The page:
Who Wants a uPhone?

There's a new flavor of mobile operating system in town. Ubuntu, the most popular desktop Linux distro, is now a mobile OS as well. Canonical is targeting high-end superphones and budget smartphones for its new release. Its challenge now will be finding a handset maker to sell phones running Ubuntu.

By Richard Adhikari
01/04/13 5:00 AM PT

Canonical this week announced Ubuntu for smartphones, a version of the Ubuntu Linux operating system aimed mainly at high-end superphones and entry-level basic smartphones.

Ubuntu is compatible with a typical Android Board Support Package, said Canonical, which provides engineering, online and professional services to Ubuntu customers.

The game plan is to offer one operating system for the client, the server and the cloud, and a unified family of interfaces for phones, PCs and TVs.

Ubuntu's ability to deliver one operating system across servers, desktops and mobile devices is strongly reminiscent of Sun Microsystems' Unix-based Solaris OS, which was designed to run across the gamut from desktops to mid-range computers. Solaris is now owned by Oracle.

Canonical hinted at a possible demo of an Ubuntu smartphone at the Consumer Electronics Show, which will be held in Las Vegas next week.

The Ubuntu Smartphone OS

Users of devices running Ubuntu for Smartphones will be able to use thumb gestures from all four edges of a device's screen to find content and switch between apps. Content search and app switching will be faster than on other mobile OSes, Canonical stated.

Ubuntu for smartphones also offers deep content immersion, so users have to call up the controls when they want to use them; a global search for apps, content and products; voice and text commands in any application; both native and Web or HTML 5 apps; and the ability to personalize a smartphone's welcome screen.

The OS has all-native core apps and uses the same drivers as Google's Android OS. Developers can use Ubuntu's software development kit to create native apps or lightweight HTML5 apps that will run on desktop PCs as well as smartphones.

Wireless network operators and OEMs can customize the Ubuntu mobile OS. Echoing Apple's iCloud, Canonical provides its Ubuntu One personal cloud service for storage and media services and file sharing to Ubuntu smartphone users. A secure transaction service will let partners integrate their own service offerings.

When docked, Ubuntu smartphones can serve as PCs.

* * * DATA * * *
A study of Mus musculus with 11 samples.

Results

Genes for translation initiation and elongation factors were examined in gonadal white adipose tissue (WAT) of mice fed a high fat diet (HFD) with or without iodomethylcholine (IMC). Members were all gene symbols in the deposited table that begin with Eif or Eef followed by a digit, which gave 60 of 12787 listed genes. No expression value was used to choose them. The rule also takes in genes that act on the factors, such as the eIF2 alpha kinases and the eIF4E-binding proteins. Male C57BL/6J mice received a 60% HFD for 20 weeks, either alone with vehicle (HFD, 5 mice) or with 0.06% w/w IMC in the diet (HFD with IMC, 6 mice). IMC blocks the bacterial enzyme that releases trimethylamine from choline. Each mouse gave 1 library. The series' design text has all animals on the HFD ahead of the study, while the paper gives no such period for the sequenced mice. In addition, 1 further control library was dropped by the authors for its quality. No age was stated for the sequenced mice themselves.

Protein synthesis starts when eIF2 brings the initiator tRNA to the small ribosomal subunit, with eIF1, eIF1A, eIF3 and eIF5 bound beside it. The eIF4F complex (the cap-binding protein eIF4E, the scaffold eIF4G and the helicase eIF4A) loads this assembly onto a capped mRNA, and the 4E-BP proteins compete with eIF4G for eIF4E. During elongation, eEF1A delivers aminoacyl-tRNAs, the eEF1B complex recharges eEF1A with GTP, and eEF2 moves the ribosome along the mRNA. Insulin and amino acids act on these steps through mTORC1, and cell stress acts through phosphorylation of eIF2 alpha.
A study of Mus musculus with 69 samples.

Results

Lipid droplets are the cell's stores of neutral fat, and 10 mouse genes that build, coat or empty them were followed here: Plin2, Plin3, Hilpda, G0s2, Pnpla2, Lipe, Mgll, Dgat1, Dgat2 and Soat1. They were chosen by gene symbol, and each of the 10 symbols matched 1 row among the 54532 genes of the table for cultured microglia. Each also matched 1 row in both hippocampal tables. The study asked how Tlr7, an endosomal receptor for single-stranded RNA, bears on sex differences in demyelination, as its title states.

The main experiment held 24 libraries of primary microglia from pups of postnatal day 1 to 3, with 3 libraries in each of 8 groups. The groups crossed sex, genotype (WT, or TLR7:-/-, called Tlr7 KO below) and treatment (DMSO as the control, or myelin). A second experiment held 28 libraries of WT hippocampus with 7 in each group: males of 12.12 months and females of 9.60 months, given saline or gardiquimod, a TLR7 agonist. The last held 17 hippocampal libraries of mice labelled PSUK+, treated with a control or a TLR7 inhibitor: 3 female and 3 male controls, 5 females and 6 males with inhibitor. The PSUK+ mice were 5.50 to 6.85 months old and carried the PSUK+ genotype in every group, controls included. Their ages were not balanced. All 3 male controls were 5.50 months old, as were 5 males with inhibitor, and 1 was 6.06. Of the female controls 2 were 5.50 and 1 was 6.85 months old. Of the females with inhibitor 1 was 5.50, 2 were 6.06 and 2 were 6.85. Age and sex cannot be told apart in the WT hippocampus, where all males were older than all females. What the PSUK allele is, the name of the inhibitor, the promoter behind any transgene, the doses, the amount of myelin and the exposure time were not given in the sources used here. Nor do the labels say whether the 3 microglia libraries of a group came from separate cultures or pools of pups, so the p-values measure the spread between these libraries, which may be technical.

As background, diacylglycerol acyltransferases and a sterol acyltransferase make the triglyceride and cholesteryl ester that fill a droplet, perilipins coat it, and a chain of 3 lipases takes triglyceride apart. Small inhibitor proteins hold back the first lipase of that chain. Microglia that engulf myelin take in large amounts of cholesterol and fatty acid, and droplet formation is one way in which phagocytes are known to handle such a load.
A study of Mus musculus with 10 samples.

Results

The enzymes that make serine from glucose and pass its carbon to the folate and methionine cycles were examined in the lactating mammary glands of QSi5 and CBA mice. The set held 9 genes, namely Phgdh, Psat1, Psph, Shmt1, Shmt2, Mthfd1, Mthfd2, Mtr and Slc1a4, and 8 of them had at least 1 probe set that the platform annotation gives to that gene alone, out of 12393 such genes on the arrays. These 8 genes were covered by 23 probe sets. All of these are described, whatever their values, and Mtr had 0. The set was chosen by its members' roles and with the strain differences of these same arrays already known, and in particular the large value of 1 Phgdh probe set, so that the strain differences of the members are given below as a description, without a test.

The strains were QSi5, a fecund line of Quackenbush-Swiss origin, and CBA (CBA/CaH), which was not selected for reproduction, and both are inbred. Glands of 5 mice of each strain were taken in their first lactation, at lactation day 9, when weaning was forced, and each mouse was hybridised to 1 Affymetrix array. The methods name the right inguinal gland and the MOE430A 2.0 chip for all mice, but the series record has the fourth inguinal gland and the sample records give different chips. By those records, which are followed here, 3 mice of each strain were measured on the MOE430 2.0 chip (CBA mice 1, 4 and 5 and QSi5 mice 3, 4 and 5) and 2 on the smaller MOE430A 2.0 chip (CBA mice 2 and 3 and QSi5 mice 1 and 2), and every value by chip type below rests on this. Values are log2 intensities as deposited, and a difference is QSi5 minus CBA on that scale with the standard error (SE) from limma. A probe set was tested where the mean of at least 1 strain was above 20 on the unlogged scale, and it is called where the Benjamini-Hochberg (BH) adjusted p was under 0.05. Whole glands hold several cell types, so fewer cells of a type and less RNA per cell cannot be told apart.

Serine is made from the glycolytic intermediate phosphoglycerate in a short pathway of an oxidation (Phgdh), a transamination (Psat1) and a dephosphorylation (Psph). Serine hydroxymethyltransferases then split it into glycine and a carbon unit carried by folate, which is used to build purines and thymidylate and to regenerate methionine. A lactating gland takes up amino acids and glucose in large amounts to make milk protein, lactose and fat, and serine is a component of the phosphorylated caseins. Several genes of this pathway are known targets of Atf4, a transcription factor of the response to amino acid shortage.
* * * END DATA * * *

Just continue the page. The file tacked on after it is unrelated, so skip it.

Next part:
Daring to be Um, Different?

However, none of its capabilities really differentiates Ubuntu for smartphones substantially from the competition.

"The user experience is the key," Ramon T. Llamas, research manager mobile phones at IDC, told LinuxInsider. Second, "and I don't think it's quite there yet, is having all these applications coming to you. HTML5 is one of the lures of Ubuntu but it may not be the full-blown experience developers may hope for, and, at the end of the day, the user wants apps."

Who's Gonna Take You Home Tonight?

Whether smartphone manufacturers will step up to the plate and create devices for the Ubuntu OS is open to question. Technically, doing so is not difficult -- just throw some money at any original design manufacturer, slap your own brand on the device and off you go.

Canonical points out that it has strong ties with HP, Lenovo, Dell and Asus. The subtext is that these partners might be willing to make Ubuntu smartphones.

However, HP and Dell have exited the mobile device field after crashing and burning there; and Lenovo and Asus offer their own Android-based smartphones and tablets.

"The obvious alternative would be a non-U.S. ODM; however most of them have committed to Android," Bernard Golden, vice president of enterprise solutions at enStratus Networks, told LinuxInsider. Ubuntu's "unlikely to be able to induce any ODM with significant market share to pursue a strong Ubuntu smartphone program."

The market "is ready for solutions other than Android and Apple," Llamas remarked. He won't rule out HP, Lenovo or ASUS because "I can see them experimenting in different parts of the Asia-Pacific and within China and parts of Europe where they could perhaps gain a bit of a foothold."